Map of life expectancy at birth from Global Education Project.

Monday, March 03, 2008

A foray into the new media

Prof. Russell Korobkin of UCLA School of Law was kind enough to ask me to review his new book Stem Cell Century: Law and Policy for a Breakthrough Technology (with Stephen R. Munzer, Yale University Press, 2007). I haven't done book reviews here before, and come to think of it, I don't know that I've ever seen a book review per se on a blog. People say things about books, of course, but making fun of Jonah Goldberg is not the same as writing for the Sunday Times.

So how to do this seriously in the blogging form? Fortunately, Prof. Korobkin's book is divided into chapters which neatly address a number of discreet issues, rather than constituting a single arc of argument. That makes it particularly suitable for the format because I can make some overall comments here, then take on various of the chapters, each reasonably within the limits of a single post. Unlike a typical book review, of course, this one will be interactive to the extent that readers want to comment. What will be most exciting, of course, is if Prof. Korobkin cares to join us. I have no idea whether he will, but it's worth noting that in the Web Century, that is possible. So here goes.

Stem Cell Century looks at various problems in the domain of biomedical technology from the perspectives of ethics, law and public policy, with just enough science thrown in to clarify the substrate of these problems. Prof. Korobkin doesn't just mean to inform us, he means to convince us. The book may be described as a series of ethical or policy puzzles, through which he walks us to the solution. Each subsection concludes with a succinct QED sentence.

The casual news reader or viewer thinks of the controversy over human embryonic stem cells as being all about whether blastocysts -- the small ball of cells constituting an early stage embryo, from which HESCs are derived, at least until very recently -- have the moral status of human beings. Prof. Korobkin addresses this problem very cogently, but it turns out that's just the beginning. He uses the emerging research program and potential technology based on human stem cells (it starts to open up a bit whether they are necessarily embryonic stem cells) as a frame to discuss cloning (a partly separate issue), biotechnology patents (with collaborator Stephen Munzer), issues pertaining to public financing of biomedical research, the ethics of human subjects research, people's ownership stake (if any) in the products and pieces of their own bodies, and the regulation of innovative medical treatments. You may recognize some of these subjects from Stayin' Alive, so the book is most welcome here.

I would say that Stem Cell Century is written with the comparatively sophisticated and highly engaged lay reader in mind. Korobkin doesn't assume much prior knowledge on the reader's part, whether of science, law, ethics or policy, beyond what one would hope a decently informed citizen would have. The style is lucid and accessible to people without specialized training or pre-loaded storehouse of jargon, although you will need to deal with a considerable list of acronyms. Those who find themselves acronymically challenged might want to have a paper and pencil handy.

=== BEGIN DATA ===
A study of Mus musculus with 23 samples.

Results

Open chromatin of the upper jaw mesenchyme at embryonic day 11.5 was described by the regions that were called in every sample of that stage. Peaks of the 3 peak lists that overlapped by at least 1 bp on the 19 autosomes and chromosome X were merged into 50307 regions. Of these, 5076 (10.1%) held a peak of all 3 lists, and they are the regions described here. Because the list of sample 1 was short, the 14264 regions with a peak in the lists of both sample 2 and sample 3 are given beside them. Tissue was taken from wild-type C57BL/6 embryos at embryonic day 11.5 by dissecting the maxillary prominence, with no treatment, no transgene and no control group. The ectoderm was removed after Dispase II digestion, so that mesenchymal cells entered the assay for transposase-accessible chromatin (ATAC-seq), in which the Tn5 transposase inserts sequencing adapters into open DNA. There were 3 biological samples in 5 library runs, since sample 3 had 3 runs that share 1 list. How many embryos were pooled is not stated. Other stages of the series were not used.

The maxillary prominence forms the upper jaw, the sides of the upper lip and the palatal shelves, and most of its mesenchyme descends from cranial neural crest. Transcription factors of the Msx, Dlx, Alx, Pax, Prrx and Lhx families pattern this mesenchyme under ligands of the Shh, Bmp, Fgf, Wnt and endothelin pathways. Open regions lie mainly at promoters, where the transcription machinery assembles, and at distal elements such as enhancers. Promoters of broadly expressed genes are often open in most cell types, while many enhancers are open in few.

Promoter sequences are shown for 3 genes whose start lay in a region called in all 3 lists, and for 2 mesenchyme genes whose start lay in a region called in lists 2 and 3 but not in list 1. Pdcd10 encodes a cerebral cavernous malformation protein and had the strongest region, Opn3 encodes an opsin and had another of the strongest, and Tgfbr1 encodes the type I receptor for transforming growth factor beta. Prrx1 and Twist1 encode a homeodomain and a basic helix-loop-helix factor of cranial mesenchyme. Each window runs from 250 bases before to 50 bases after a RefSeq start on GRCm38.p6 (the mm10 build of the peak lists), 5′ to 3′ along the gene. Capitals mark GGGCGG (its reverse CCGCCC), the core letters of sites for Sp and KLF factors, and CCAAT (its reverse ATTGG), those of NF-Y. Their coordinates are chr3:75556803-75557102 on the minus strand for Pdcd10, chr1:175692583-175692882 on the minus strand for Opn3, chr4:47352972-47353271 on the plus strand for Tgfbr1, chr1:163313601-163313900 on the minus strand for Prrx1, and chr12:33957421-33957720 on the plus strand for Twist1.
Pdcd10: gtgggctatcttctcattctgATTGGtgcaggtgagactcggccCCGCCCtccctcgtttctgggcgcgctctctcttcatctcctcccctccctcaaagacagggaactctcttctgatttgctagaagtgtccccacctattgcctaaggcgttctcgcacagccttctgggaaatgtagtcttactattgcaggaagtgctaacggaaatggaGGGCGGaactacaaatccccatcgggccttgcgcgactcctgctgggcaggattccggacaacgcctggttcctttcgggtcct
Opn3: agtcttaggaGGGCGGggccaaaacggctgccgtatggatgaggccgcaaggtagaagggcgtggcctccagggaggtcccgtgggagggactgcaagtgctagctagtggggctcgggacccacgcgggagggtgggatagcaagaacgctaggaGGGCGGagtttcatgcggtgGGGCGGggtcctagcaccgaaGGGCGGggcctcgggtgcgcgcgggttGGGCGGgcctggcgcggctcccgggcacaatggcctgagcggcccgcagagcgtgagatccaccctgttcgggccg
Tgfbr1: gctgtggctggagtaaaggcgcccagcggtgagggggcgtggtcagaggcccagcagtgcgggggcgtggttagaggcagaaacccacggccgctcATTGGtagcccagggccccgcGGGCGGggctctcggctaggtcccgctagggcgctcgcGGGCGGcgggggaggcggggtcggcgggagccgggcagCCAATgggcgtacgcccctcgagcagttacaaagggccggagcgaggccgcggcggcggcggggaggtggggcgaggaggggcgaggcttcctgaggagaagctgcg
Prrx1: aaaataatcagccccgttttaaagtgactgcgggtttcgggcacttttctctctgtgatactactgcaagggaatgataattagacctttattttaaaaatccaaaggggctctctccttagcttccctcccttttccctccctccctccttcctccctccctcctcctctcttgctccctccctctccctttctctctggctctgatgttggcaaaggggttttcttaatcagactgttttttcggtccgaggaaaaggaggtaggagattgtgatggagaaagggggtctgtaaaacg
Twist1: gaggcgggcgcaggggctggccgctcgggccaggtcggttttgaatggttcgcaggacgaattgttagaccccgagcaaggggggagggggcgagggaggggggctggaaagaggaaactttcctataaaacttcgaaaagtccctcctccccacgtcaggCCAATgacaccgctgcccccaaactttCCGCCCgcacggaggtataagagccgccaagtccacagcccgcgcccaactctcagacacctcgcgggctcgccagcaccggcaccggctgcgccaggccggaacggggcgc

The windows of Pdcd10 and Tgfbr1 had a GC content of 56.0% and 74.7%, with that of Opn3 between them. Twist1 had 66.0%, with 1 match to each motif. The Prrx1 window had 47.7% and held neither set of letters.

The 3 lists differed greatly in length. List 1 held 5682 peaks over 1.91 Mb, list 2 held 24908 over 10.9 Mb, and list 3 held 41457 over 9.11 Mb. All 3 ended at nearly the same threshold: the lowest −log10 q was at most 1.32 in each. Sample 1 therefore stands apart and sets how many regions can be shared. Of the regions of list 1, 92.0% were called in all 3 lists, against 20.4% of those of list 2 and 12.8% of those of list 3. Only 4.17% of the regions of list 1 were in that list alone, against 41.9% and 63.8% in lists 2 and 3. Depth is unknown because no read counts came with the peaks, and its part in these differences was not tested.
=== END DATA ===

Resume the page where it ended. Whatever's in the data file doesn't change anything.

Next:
It seems likely that most readers will in fact have a substantial background in one or another of the relevant disciplines or problem areas, so some passages will be review of familiar information. That won't do you any harm. However, not everybody will find that every chapter gets the juices flowing. The section on patent law, in particular, gets pretty deep into the weeds of legal sophistry while the payoff for the concerned citizen could probably be summarized very succinctly.

Indeed, I expect that for most readers the first issue addressed in depth -- what is a human being and is an embryo an example -- is going to be the most compelling, and that the rest of the book may seem something of an anticlimax. As I said, that's what the loudest public controversy has been all about, and it's obviously about the most important ethical question there is. What respect is due to human beings, and what entities are worthy of that respect? Most people are already fairly passionately involved in that debate, and it has deep connections to other problems people care about, such as abortion and the end of life. Once Korobkin has walked us through that -- as he does very cogently and enlighteningly -- how much rooting interest do we have left for property rights and regulatory theory?

Well, that's too bad, because these other issues do matter, quite a lot, to us as taxpayers and to potential beneficiaries (or victims) of biomedical advances. Where Prof. Korobkin has perhaps done himself a disservice is in framing all of these discussions in terms of stem cell research and/or therapy. In fact, the ongoing biomedical revolution is considerably broader than that, and offers compelling examples from other domains -- such as gene therapy, monoclonal antibodies and other bioengineered "large molecule" therapies, neuroscience, etc. -- that could help liven up much of this discussion and connect it to other controversies with which people are already engaged. The stem cell frame seems arbitrary, once we get beyond the embryo problem, and even a bit misleading.

Fortunately, we'll be free to pull in some of these other areas of biotechnology in upcoming posts. Of course, it turns out that Prof. Korobkin doesn't succeed in selling me every one of his QEDs; I agree with him mostly, but not entirely. So we'll take on those points as well. I'm looking forward to it.